The Lady Hudson mummy (also known as: the University of Western Ontario (UWO) mummy, Our Lady of Hudson's Bay, the MacSkimming mummy) is a Roman Period mummy paired with a Ptolemaic Period wood coffin. The mummy has been housed in the University of Western Ontario's Department of Anthropology since May 2003. She has been the center piece of mummy research at UWO, subject to multiple radiological (X-ray, CT, uCT, MR), endoscopic, histoligical, isotopic, laser scan, and macroscopic studies to learn about life and death in Ancient Egypt by means of detailed osteobiographical analysis.
The mummy is missing most of her torso and feet, and much of what remains has been unwrapped.
She experienced very poor dental health and advanced osteopenia. Unfortunately, many of the traditional cues used to estimate age are not visible, but she was probably not a young woman. Her style of mummification indicates that she enjoyed a relatively high status in life. She was carefully wrapped in the herringbone style that was typical of the Roman Period.
The brain was removed trans-nasally in this mummy. Damage to the left ethmoid air cells and left orbital wall indicates that the brain was removed through the left nostril. The left nostril is plugged with a tampon of resin-impregnated linen. The entirety of the brain is absent, while the dural membranes remain apparent. Resin is present in the maxillary sinuses and a large volume of resin is present in the cranial cavity, filling the posterior quarter of the cranial cavity.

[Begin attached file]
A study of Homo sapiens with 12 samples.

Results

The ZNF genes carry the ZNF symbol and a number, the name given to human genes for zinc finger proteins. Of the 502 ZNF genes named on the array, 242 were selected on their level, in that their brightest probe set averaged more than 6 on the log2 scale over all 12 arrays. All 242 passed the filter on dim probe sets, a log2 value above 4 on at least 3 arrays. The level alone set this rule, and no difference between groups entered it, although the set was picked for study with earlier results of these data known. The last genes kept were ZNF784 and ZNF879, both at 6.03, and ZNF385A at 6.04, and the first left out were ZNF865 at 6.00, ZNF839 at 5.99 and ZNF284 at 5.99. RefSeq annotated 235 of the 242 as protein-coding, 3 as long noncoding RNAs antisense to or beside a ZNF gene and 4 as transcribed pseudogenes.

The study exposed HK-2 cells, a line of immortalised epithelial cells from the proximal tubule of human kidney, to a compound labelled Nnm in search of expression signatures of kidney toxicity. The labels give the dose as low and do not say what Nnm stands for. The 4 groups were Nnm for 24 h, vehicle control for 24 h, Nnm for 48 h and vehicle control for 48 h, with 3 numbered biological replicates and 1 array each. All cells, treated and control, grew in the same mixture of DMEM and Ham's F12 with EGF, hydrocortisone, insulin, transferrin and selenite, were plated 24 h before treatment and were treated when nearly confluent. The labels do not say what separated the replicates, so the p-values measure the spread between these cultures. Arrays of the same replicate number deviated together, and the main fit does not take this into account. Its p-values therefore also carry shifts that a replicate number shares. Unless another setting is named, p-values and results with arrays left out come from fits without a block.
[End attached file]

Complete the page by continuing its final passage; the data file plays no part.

The chest and upper abdomen are not preserved in this mummy, making assessments of the body cavity treatments difficult. In the lower abdomen, however, there is linen packing with what appears to be resin on the upper left side. The packing indicates that the internal organs were removed, and the position of the resin indicates that this process may have been performed through an incision in the left abdominal wall. The heart, lungs, intestines, liver, stomach, and kidneys are not intact in the body cavity and could not be assessed.
1963 - sold by a museum in Brussels, Belgium to a Mr. George Bannister of Ottawa, Ontario, Canada. The mummy was declared an ancient artifact (not human remains) by a Belgian judge to satisfy export laws.
1963-1974 - part of the Bannister Family collection in Ottawa.
1974 - moved to the MacSkimming Natural Science School in Ottawa, part of the Carlton School Board, following her donation to the board by Mrs. Dorothy Valliant (nee Bannister) on behalf of the Bannister Family estate.
1974-1999 - part of the MacSkimming Natural Science School. In the period between 1974 and 1983, some 225,000 school children visited the Natural Science School.
May 1999 - loaned to the Canadian Museum of Civilization for the traveling exhibit "Mysteries of Egypt". Preparation for the exhibit involved 71.5 hours of stabilization/consolidation of the mummy at the Canadian Conservation Institute, as well as radiocarbon (C-14) dating of her coffin.
June 1, 1999 - March 11, 2001 - part of a traveling exhibit. Venues included Cincinnati, Grand Rapids, Green Bay, Macon, and Calgary. Over the course of the tour, an estimated 500,000 to 750,000 people saw the exhibit.
October 30, 2001 - transferred from the Canadian Museum of Civilization to the Royal Ontario Museum.
May 3, 2003 - transferred to the University of Western Ontario's Department of Anthropology.